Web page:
Stories of life off the grid
With an increased and ever-growing demand for technology, it may seem nearly impossible to log off Facebook or go without electricity. However, thousands of Americans each year are choosing to “unplug” in favor of a simplistic life, living off the land.
The concept of living off the grid, or in other words, independence from one or more public utilities, has jumped into national prominence over the last few years. Nick Rosen, author of Off the Grid: Inside the Movement for More Space, Less Government and True Independence in Modern America estimated in a 2010 article for USA Today that about 750,000 U.S. households were living off the grid, with an expected increase of 10 percent each year.
Amid soaring electricity prices and high unemployment rates, individuals are looking for ways to cut down on expenses. Since energy in off-the-grid housing is primarily based off solar panels and other environmental-friendly energy sources, electricity bills become a thing of the past.
Nick Weston, author of The Treehouse Diaries, which tells the story of the six months he spent in the woods of southern England living off-grid in a tree house, said finances were the main reason he started the project.
“Why did I have to spend so much money on bills, rent and other pointless things I didn’t need, when nature has been the ultimate provider for thousands of years?” Weston said in an email.
For the Kuncaitis family, the pressures of everyday life contributed to their decision to move to the countryside, to an Amish farm in western Michigan. Angela Kuncaitis said there was “friction” between her viewpoint and the structure of society, which often places an emphasis on personal appearance — something that wasn’t as much of a priority for her. Kunicaitis also longed to have a stronger relationship with her children and husband.
“The decision to go off-grid was about me and how I wanted to live my life,” Kuncaitis said. “I had to get out of the box.”
Living off-grid allowed Kuncaitis to explore the way they truly wanted to raise their family. The family does chores and daily farm tasks together, and at night they crowd around a single bright light in the kitchen to recap the day’s events.
Kunicaitis said that the farm provided the family with a community, as they were exempt from most societal pressures often present in mainstream society. She said prior to moving to the farm, her children were pressured to conform to society’s standards for appearance, but with their arrival in the countryside they tossed away the make-up and just ran freely outside.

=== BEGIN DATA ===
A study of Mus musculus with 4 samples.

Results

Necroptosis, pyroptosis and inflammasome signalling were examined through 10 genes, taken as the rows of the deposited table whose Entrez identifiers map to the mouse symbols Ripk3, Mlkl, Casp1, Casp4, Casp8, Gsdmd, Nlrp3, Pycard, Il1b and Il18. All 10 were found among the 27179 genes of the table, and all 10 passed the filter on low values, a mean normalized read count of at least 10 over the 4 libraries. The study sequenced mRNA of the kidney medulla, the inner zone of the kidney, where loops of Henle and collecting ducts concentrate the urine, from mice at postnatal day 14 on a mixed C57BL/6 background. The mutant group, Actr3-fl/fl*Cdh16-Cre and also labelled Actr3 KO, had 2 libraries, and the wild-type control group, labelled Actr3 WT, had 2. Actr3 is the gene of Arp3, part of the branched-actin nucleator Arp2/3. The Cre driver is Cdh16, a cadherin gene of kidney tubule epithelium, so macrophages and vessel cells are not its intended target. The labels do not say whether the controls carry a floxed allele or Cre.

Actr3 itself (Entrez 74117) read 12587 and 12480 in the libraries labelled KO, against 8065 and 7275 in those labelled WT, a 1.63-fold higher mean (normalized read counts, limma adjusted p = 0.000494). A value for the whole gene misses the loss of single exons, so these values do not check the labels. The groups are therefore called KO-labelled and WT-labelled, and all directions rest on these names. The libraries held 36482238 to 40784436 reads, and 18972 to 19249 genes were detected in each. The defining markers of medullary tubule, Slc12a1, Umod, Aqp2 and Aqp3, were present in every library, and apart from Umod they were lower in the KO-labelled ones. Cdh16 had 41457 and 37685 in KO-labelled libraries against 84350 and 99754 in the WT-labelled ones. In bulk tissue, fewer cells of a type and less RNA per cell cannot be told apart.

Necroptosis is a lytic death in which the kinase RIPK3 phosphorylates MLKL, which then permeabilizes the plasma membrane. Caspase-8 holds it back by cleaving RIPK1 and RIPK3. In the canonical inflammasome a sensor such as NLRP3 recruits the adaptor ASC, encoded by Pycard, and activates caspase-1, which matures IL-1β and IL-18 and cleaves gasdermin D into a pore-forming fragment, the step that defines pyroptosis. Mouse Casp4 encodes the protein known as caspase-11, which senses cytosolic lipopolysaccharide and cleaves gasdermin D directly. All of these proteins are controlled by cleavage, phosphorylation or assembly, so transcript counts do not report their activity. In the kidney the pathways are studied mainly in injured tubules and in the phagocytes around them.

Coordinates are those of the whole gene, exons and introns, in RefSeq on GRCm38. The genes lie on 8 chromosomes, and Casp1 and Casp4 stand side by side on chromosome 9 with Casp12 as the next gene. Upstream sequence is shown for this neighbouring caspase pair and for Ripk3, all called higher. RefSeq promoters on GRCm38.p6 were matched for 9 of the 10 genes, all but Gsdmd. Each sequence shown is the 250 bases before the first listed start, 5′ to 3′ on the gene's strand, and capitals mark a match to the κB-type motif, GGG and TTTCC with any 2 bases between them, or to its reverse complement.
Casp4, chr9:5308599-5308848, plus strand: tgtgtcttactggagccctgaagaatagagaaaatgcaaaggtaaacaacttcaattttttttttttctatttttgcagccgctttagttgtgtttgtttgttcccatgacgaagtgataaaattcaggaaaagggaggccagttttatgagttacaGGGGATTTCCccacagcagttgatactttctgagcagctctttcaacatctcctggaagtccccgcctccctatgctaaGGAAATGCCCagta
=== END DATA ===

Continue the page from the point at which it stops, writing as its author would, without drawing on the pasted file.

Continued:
“It was a beginning for us, it was freedom and it was so beautiful,” Kuncaitis said. “I just knew that this is who I was and how I wanted to raise my family.”
Beyond just the search for liberation, living off-grid becomes a search for one’s identity. Corbin Dunn’s decision to live off-grid in a tree house for five years in Santa Cruz, California was more about feeding his desire to be surrounded by nature than to escape society. For the duration of the adventure, Dunn had the treehouse wired with some electricity and water, and even sought out an office job at Apple on Cocoa. The treehouse was more of his spot, something to identify with.
“I built 90 percent of the treehouse myself,” Dunn said. “It really was my own place. It was kind of my own identity, my own thing.”
Weston eventually became unhappy with the low-income lifestyle he was living in London and nostalgic for the simplicity of his childhood. He returned to the countryside to live in a self-sufficient manner.
“The treehouse was the catalyst I needed to change my life and put it back on track and in the direction I wanted to be going,” Weston said. “I think the reason going off-grid is so appealing is because it is a metaphor for all the things you could want in life: Being your own person, not having to answer to anyone else and being responsible for your own future.”
While living off-grid is supposed to be a life of simplicity, it is difficult to pull off in the modern world.
The Kuncaitis family reexamined their lifestyle after a member of the family got severely sick last year. In January they invested in a washer, dryer, three outlets, a lamp and an indoor toilet.
Dunn, on the other hand, said that he never saw living in the treehouse as a permanent residential option. Factors like the location of his job and desire to maintain an electrical car prevented Dunn from seeing off-grid living as the best choice for him.
“I think it’s possible to break off the grid completely, but it’s very difficult,” Dunn said. “You have to make some choices. You have to give up some things.”
Beyond maintaining a lifestyle of off-grid living, Kuncaitis said the real difficulty is breaking off from mainstream ideals and pursuing the lifestyle you want.
“Everyone is looking for the utopia,” Kuncaitis said. “People are sick of the rat race. People want liberation but they just don’t know where to start and how to get off the hamster wheel.”
Marissa Framarini is a freshman journalism major who wants to drop out and live in a treehouse. Email her firstname.lastname@example.org.